Gold BorderSeptember 3, 2020
For the past year, Susannah Strazzera, a Wave Hill gardener since April 2003, has been tending to the Gold Border, a bed that runs along the path leading past the Alpine House up to the Aquatic and Wild Gardens. By a very happy coincidence, this summer, Assistant Gardener Lana Guardo, who joined Wave Hill in January after stints at the Brooklyn Botanic Garden, Chanticleer and Longwood Gardens, was looking for a project to add to her responsibilities around the perimeter of Wave Hill House. She hoped it would include working with perennials. Strazzera suggested the Gold Border and Guardo signed on right away.
It’s all in a name. This seemingly unassuming strip of green space is, in fact, the subject of an entire chapter of Nature into Art: The Gardens of Wave Hill. Here’s the space three years ago in early May, as captured by photographer Ngoc Minh Ngo for Nature into Art, and in early June this year by Strazzera. A more panoramic shot of the border, dating back to late June, 2017, is at the top of this email.
Single-hued gardens, and the Gold Border is true to its name, turn out to be rather interesting. As Nature into Art author Tom Christopher points out, “‘Monochromatic’ may sound suspiciously like ‘monotonous.’ In fact, though, as this area of Wave Hill proves, a garden tuned to one hue can make a dynamic, even exciting, horticultural statement.” A single hue can lend it natural simplicity and harmony, Christopher points out, at the same time that it lets the expert display some sophistication. Spend some time with Strazzera and Guardo as they build a vision for the space, and you will soon agree that looks can be deceptive.
Frequent visitors to Wave Hill may know that responsibility for garden areas shifts from gardener to gardener over time, and Strazzera has been responsible for the Gold Border, along with other garden areas, including the Alpine House, since last summer. “The first year,” she explains, “I devote myself solely to maintenance, getting to know the space, how it is impacted by sun, shade and weather and seasonal patterns, and how well the plants in the space get along with each other.” With the first year up this summer, she was ready to roll up her sleeves and start making some adjustments, and Guardo’s enthusiasm for the project was welcome.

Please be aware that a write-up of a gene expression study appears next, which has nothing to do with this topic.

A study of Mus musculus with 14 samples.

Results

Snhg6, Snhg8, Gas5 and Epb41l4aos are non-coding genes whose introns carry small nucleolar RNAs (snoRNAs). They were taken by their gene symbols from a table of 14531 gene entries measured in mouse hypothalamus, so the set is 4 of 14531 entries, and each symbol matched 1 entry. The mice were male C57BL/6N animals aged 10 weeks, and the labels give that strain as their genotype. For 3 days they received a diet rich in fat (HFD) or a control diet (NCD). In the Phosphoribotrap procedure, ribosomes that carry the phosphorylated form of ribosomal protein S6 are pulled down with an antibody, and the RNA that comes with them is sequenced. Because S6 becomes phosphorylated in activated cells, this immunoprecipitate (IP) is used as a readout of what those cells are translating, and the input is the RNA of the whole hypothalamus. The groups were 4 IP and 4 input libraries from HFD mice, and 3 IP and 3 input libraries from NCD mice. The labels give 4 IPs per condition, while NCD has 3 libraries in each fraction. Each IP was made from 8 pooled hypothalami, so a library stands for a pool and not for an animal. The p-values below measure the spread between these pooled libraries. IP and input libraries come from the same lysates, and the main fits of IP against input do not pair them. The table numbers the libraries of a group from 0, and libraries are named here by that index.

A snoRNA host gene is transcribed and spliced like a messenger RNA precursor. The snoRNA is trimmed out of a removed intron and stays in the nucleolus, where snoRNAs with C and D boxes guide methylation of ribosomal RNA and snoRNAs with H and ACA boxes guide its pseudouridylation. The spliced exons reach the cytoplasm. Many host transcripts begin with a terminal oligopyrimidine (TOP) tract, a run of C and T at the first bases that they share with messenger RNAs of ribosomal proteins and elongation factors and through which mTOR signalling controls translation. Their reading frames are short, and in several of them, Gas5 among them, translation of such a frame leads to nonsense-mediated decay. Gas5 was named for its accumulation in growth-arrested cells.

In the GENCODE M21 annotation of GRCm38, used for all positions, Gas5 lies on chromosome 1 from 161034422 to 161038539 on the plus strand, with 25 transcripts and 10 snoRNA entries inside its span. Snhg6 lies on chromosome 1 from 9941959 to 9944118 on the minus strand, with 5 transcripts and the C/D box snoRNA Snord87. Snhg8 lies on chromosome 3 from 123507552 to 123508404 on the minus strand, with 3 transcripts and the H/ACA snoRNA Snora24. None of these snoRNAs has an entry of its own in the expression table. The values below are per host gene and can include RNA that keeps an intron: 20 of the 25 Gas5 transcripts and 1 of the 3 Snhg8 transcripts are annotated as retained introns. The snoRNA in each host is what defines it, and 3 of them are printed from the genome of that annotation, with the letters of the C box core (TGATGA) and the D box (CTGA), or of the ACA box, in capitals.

Walk the border on your way to or from the Aquatic or Wild Garden, and you may notice that it looks a bit unruly these days. Even before the collaboration with Guardo started, Strazzera knew she wanted to simplify the plantings along the border, for a less crowded feel—and less maintenance. “I want space around the evergreens,” she adds, “so light reaches across and into the border, and you can appreciate both color and discreet shapes and groupings.” Simpler also means more massing—sweeps of color and less dramatic shifts in the height of what’s growing in the bed. And a color palette that reads golden from spring through fall.
As the pair of gardeners ponder the choices, they look at the entire border through the lens of a map that includes every possible plant under consideration—existing or new—for every season, and using a color-coded overlay for each season. Shown here is the tentative plan for summer, on the right, and spring on the left, of the full, pencilled-in map.
The last shot here, taken from the same perspective, shows the editing process that is already underway as we move into September.
With the Kerlin Overlook just steps away, this border is one space where the view is not driving the design. Instead, what this pair hopes for is that instead of a rush to get to the Wild or Aquatic Gardens, visitors find themselves slowing down as they pass by, savoring the harmonious blend of golden blossoms and leaves, interspersed perhaps with exciting splashes of purple and white.
For now, the two are intent on fleshing out a design plan for Senior Director of Horticulture Louis Bauer’s approval, and then they dig deeper into the gradual subtraction and addition that will result in a new look next spring. Thankfully, after many months of closure due to COVID-19, the gardens are open and we can all enjoy the thrill of watching their progress.